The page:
Maui’s Most Famous and Historic Tree

What's New — By keithdevey on July 21, 2010 at 12:14 am

Yes, there are other trees that grow on Maui besides palm trees.  Arguably the most famous tree on Maui can be found in downtown Lahaina.  The Maui Banyan Tree, which occupies a full city block just across the street from the Lahaina Harbor, is claimed to be the largest Banyan Tree in all of the United States (when I was riding the Conch Train in Key West last summer the tour guide was amazed I knew this fact… I believe Key West has the second largest banyan tree).

The Maui Banyan Tree was originally planted back in 1873 to mark 50 years of Christian missionary work in the whaling town of Lahaina.  Back then, the tree was no more than an unimpressive 8-foot shrub brought over from India.  Fast-forward more than 130 years and this tree is now a focal point in Lahaina and  a “maui-style” park for locals and tourist alike.

Banyan trees are unique in the fact that they grow vines down from their wide spanning branches. Once these vines reach the ground, they sprout roots deep into the earth and essentially transform into a brand new tree, still connected to the previous banyan tree. The Lahaina Banyan Tree is said to have twelve major trunks, with vines hanging down from limbs in all directions.  When I was young, I used to swing from the vines and climb the tree, but that kind of activity is no longer condoned, as efforts have been made to preserve this historic tree.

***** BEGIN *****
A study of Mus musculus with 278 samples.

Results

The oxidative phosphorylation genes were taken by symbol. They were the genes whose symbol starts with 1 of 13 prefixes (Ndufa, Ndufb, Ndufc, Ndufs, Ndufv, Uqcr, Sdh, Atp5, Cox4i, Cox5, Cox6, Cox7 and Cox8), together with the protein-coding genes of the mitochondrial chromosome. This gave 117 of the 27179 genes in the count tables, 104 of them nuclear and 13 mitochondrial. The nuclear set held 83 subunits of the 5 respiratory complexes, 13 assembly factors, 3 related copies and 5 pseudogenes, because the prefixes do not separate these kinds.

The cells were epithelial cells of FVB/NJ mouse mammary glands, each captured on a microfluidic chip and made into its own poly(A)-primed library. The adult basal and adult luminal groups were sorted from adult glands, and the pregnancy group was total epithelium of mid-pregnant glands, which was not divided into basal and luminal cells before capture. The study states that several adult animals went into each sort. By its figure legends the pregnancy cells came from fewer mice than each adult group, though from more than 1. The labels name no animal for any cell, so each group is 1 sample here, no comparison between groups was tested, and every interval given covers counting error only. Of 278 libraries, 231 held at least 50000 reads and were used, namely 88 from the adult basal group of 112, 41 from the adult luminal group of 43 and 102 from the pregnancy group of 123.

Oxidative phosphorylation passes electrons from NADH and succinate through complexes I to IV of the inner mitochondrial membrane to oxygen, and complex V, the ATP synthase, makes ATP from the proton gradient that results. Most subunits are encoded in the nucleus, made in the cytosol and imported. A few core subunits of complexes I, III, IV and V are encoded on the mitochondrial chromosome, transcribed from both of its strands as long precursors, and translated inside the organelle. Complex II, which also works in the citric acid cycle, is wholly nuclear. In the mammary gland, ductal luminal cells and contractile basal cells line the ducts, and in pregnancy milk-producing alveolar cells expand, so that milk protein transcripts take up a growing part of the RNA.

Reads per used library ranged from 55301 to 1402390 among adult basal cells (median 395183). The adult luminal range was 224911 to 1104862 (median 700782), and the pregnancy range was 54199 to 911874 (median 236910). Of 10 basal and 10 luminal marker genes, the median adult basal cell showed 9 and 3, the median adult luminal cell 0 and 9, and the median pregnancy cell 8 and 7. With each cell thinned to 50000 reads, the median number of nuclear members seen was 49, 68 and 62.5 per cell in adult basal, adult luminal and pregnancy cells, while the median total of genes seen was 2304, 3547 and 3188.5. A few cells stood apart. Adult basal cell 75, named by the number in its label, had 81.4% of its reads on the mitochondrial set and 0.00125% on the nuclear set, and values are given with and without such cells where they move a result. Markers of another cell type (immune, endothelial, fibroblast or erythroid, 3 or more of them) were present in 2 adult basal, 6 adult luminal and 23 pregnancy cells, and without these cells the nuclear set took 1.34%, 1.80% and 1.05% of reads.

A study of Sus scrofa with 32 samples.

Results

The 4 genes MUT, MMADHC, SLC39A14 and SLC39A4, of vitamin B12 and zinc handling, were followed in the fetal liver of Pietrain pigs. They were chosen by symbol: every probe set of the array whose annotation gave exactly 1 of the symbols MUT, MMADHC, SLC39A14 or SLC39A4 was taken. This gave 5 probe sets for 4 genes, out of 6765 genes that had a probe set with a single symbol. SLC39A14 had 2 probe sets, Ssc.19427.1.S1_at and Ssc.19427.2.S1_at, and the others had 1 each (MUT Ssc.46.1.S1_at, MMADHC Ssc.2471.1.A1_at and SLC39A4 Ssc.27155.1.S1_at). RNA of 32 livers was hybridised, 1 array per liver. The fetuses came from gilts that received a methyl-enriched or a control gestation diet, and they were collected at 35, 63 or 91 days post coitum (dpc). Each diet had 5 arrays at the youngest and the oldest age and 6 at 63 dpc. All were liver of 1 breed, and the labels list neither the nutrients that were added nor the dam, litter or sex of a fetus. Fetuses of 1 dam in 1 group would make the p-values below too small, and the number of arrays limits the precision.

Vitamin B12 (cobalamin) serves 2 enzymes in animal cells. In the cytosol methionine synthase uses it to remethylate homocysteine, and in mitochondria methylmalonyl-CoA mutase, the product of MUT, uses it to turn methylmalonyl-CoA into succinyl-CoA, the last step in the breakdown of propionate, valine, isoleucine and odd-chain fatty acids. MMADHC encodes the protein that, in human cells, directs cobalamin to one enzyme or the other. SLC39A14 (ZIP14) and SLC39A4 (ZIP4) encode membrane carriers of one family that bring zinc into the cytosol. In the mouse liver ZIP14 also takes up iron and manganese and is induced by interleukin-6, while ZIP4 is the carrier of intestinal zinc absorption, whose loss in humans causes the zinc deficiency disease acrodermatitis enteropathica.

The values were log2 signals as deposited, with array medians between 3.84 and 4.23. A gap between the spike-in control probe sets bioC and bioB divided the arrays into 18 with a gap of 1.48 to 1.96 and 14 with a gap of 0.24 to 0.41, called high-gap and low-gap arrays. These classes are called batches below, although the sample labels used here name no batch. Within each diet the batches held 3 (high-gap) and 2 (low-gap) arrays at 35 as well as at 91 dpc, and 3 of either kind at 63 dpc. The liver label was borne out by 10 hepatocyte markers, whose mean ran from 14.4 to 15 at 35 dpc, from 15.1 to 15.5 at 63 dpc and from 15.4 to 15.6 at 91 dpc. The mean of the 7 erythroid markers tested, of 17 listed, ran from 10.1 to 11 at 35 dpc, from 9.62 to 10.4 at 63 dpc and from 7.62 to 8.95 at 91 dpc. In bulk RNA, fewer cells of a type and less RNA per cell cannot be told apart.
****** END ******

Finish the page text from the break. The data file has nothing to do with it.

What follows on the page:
As I mentioned above, the area shaded under the Maui Banyan Tree acts as a local park.  Many tourist cap off a night eating at Hard Rock Café or Kimo’s with a Lappert’s ice cream cone under the banyan tree.  Quite often local musicians will escape the heat of Lahaina by sitting under the tree and strum on their guitar.  Often times, weekend arts and crafts fairs or cultural displays are set up under the banyan tree, providing entertainment for those walking along Front Street.

Local Tip:  The best time to visit the banyan tree is during the holiday season when it is decorated with festive lights.  Who needs a traditional picture of the family in front of an indoor Christmas tree, when you could snap a photo including the giant illuminated Maui Banyan Tree?

[Photo source: Bionikk1]


  • Tana Jurewicz says:

    I have been reading out some of your stories and i can claim pretty clever stuff. I will definitely bookmark your site.

  • wegenbelasting berekenen says:

    Nah ik vind dit echt niet kunnen, verschrikkelijk toch? Waarom zou je een chinees nemen als je ook een belg kunt nemen, snap die logica gewoon niet kees?